Immigration lawyers would agree that this is a question posed quite often by most non-EEA national clients. The common misconception is that lack of access to public funds means that the person cannot access NHS healthcare either. This is not so.
The Department for Health has its own rules for deciding who gets free NHS treatment. The test is about whether the person is ordinarily resident in the UK. The term ‘ordinary residence’ has been described by the government as “living lawfully in the UK for settled purposes, as part of a person’s regular order of life. A person's identifiable purpose and whether that purpose has a sufficient degree of continuity to be properly described as settled are the determining factors.”
There are a number of factors that are taken into account when determining ordinary residence. A person’s legal entitlement to stay here is one factor, but not conclusive unless it is permanent residence. The Department for Health has a very useful, but lengthy, tool guide on the subject, designed to assist medical professionals on the topic.
Those who do not pass the ordinary residence test, will be classed as "overseas visitors". An overseas visitor may be charged for NHS treatment and services. The assessment will be made by the healthcare provider and the patient informed.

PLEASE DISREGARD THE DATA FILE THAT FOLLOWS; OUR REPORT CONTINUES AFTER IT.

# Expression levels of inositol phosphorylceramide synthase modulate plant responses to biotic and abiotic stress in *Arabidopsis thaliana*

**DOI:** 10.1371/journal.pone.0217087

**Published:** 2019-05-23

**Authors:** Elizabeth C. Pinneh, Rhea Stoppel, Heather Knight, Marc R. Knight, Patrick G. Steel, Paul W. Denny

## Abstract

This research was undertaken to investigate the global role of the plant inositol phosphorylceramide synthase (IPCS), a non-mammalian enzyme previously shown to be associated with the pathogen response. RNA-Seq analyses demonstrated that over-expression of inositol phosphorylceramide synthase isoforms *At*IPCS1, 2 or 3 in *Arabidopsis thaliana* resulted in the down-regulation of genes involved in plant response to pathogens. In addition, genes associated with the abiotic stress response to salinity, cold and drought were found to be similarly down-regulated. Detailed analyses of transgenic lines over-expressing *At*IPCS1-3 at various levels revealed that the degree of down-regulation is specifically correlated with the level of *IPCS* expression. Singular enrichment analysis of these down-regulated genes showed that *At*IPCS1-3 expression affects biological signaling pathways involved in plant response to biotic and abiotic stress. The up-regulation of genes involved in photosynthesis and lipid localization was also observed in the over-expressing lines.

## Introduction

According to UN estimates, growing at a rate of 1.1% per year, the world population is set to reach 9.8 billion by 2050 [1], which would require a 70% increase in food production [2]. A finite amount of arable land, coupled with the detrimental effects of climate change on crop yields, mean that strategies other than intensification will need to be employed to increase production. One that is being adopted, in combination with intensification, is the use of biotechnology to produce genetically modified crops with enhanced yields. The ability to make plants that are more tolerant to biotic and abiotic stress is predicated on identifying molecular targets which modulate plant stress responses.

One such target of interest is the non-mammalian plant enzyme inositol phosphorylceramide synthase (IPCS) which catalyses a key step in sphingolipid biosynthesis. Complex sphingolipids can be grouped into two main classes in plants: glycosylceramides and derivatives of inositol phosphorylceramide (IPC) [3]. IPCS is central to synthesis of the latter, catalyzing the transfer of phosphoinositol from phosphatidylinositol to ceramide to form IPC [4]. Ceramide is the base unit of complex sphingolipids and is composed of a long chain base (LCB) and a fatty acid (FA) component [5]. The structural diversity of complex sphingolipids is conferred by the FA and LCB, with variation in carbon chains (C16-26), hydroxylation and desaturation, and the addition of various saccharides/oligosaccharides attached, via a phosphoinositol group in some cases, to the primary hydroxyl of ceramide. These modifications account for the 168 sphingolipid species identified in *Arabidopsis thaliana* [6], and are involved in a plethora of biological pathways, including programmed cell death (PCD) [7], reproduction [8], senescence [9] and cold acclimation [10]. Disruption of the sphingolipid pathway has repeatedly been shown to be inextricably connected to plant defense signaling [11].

Emergency treatments at an Accident & Emergency or casualty department (including an observation ward) are free for everyone. A residency assessment is not required, so the residency status is irrelevant. If, following the emergency, a patient requires further in-patient treatment or registration as an outpatient, then an assessment as to their ordinary residence would be made. The charges to be applied are in compliance with Regulation 2(1) of the National Health Service (Charges to Overseas Visitors) (Scotland) Regulations 1989. The regulations include exemptions from charges for certain categories of patient and services.
What about the dentist and General Practitioner? The overseas visitors charging regulations do not permit charging for NHS general medical services other than certain dental and optical services. It is for GP practices to decide whether or not to register an overseas visitor or to treat them privately, taking into account the terms of the National Health Service (General Medical Services Contracts) (Scotland) Regulations 2004 as amended. In practice, most GP surgeries treat patients for free but there are some reported problems with initial registration.
Those who have already paid the Immigration Health Surcharge as part of their leave to enter or remain application will of course have access to the NHS healthcare. The IHS is paid by those who are applying for leave to enter the UK for the purposes of work, study or to join their family for a period of more than 6 months. It applies to fiancé(e) applications but not to those visiting their family members under a general visitor visa. It also applies to leave to remain applications but not applications for indefinite leave to remain. Paying the IHS entitles the visa holder to the same rights as someone who is ordinarily resident: They will be treated for free, except for statutory charges such as for dental treatment and prescriptions in England.
Scotland's national health information service is called NHS Inform. They operate a helpline to provide advice to the public, GP practices and other NHS healthcare providers on overseas visitors’ eligibility to receive NHS healthcare whilst in Scotland. If further advice is required, phone the helpline on 0800 22 44 88 (Open from 8am to 10pm, 7 days a week).
There are also some FAQs on the topic on the Scottish Government's website.